Your Agent Home Selling Agreement
June 3rd, 2011
It Is An Employment Agreement
In the simplest terms, the listing contract is an employment agreement between the home seller and the broker. They have chosen this agreement to describe the seller’s intentions, and the seller gives approval to begin the home selling process under certain conditions spelled out in the agreement. The price, what items are included or excluded, any terms, occupancy, how long the sellers are willing to place the home for sale, and other conditions the sellers are requesting are made a part of the listing agreement.
Entry Into The Multiple Listing System
Typically the seller lists with one company through the “listing agent”. The contract also spells out the broker obligations and intentions, including the agreement to cooperate with other brokers and their agents to help gain exposure for the home. If the sale results through the efforts of one of the cooperating companies, this is commonly called a co-op sale. In most communities the listing company actually sells the home less than fifty percent of the time, so co-op sales are an important part of the selling process. Always verify the property is being included in the MLS system from the very beginning of the listing. Agents that promote “pocket listings” may not have your interests at heart. The listing agent’s income doubles if they also produce the buyer. The question is: Were other buyers in the market willing to pay more? You will never know if the home was not exposed to the entire market.
Common Listing Clauses
To help you prepare for listing your home, here are the most common provisions in listing agreements around the country and the provision’s purpose:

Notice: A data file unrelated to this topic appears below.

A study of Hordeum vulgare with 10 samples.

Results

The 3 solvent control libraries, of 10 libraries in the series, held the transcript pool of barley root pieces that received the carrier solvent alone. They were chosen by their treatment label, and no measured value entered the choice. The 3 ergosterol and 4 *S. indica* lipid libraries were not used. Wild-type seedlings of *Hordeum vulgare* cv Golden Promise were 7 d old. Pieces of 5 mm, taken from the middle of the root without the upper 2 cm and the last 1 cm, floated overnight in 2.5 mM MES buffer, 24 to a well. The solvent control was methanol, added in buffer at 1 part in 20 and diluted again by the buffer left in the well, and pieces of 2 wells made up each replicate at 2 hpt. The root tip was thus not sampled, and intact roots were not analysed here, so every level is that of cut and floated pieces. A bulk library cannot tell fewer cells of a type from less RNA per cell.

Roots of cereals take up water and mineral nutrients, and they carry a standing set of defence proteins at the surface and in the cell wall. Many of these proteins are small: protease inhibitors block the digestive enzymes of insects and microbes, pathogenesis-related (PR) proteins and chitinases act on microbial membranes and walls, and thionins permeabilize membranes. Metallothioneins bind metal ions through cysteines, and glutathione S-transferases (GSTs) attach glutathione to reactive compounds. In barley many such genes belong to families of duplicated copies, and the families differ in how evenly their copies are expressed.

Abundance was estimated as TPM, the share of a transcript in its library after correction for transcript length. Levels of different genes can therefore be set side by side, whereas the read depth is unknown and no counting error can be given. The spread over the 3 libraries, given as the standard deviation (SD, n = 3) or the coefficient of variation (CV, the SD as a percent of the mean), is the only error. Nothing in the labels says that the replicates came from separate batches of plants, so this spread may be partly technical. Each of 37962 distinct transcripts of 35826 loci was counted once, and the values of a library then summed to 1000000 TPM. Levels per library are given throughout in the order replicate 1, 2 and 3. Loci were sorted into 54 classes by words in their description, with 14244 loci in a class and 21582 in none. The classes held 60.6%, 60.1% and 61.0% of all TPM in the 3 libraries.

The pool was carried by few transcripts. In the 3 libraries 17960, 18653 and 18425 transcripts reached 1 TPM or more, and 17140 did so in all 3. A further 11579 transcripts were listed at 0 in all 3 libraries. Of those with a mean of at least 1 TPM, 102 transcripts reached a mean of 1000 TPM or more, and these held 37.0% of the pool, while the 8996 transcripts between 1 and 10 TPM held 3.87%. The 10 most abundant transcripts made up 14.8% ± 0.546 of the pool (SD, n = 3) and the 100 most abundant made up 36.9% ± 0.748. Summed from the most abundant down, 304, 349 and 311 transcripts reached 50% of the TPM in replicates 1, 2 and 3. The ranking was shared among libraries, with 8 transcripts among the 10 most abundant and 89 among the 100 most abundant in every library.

- Commission or fee – the seller agrees to pay a success only fee if the broker produces a buyer
- Prospect registration – the broker is “protected” if a “registered” prospect buys after expiration
- Seller warranty – seller warrants there are no defects or disclose any defect they are aware of
- Brokers obligations – the work, tools and effort the broker agrees to put forth to produce a buyer
- Broker cooperation – broker agrees to allow other companies agents to show and sell the home
- Fixtures and personal property – what stays and what does not stay with the house
- Listed price – the price at which the seller and broker agree to offer the home for sale
- Identification of the property – exactly what property is being sold?
- The terms of sale – occupancy, minimum earnest money, rent seller pays after closing, etc.
- The broker’s fee and how it is calculated – there are numerous ways to calculate fee exceptions to the listing
- Period of time the contract is in force – this is a negotiated term Identifies the parties to the contract and how to reach them
- Broker and seller will abide by Fair Housing Laws – to insure the parties are aware of the law
- Which party holds the earnest money – if things go wrong, what happens to the earnest money?
- Seller will turn over any leads they acquire during the listing
- What happens to earnest money if buyer defaults–the broker generally receives a portion of it Clarification of provisions from the offer to purchase document – anticipating an offer will come
Make Time To Examine The Contract Before Signing
To familiarize you with the contract in your area, we recommend you request a copy of the listing contract and review it prior to meeting with agents. This way you have the time to focus on the meaning of the wording in the agreement itself, a scenario that rarely plays out that way in the “listing presentations”. Take notes on your questions. You can then have the agents you interview answer your questions. This is an opportunity for you to experience the agents actual work. If agents have different answers to the same question, this is where you can focus on the quality and sincerity of their answers.
A Listing Myth
The term of the listing agreement is typically influenced by the areas average time on market. If it’s taking 120 days from list date to sale date on average, it may be difficult to convince the agent you’ve selected to agree to a short-term agreement. It is a myth that by putting the agent on a “short leash” it will cause them to work harder on your home or that the home will sell faster because the listing term is short. A far better strategy is to make certain the home “sparkles” and is in good condition and that it is priced to compete against other homes for sale in the neighborhood. For more information check out the other pages about value or the selling process. Or ask me your questions and I will answer you.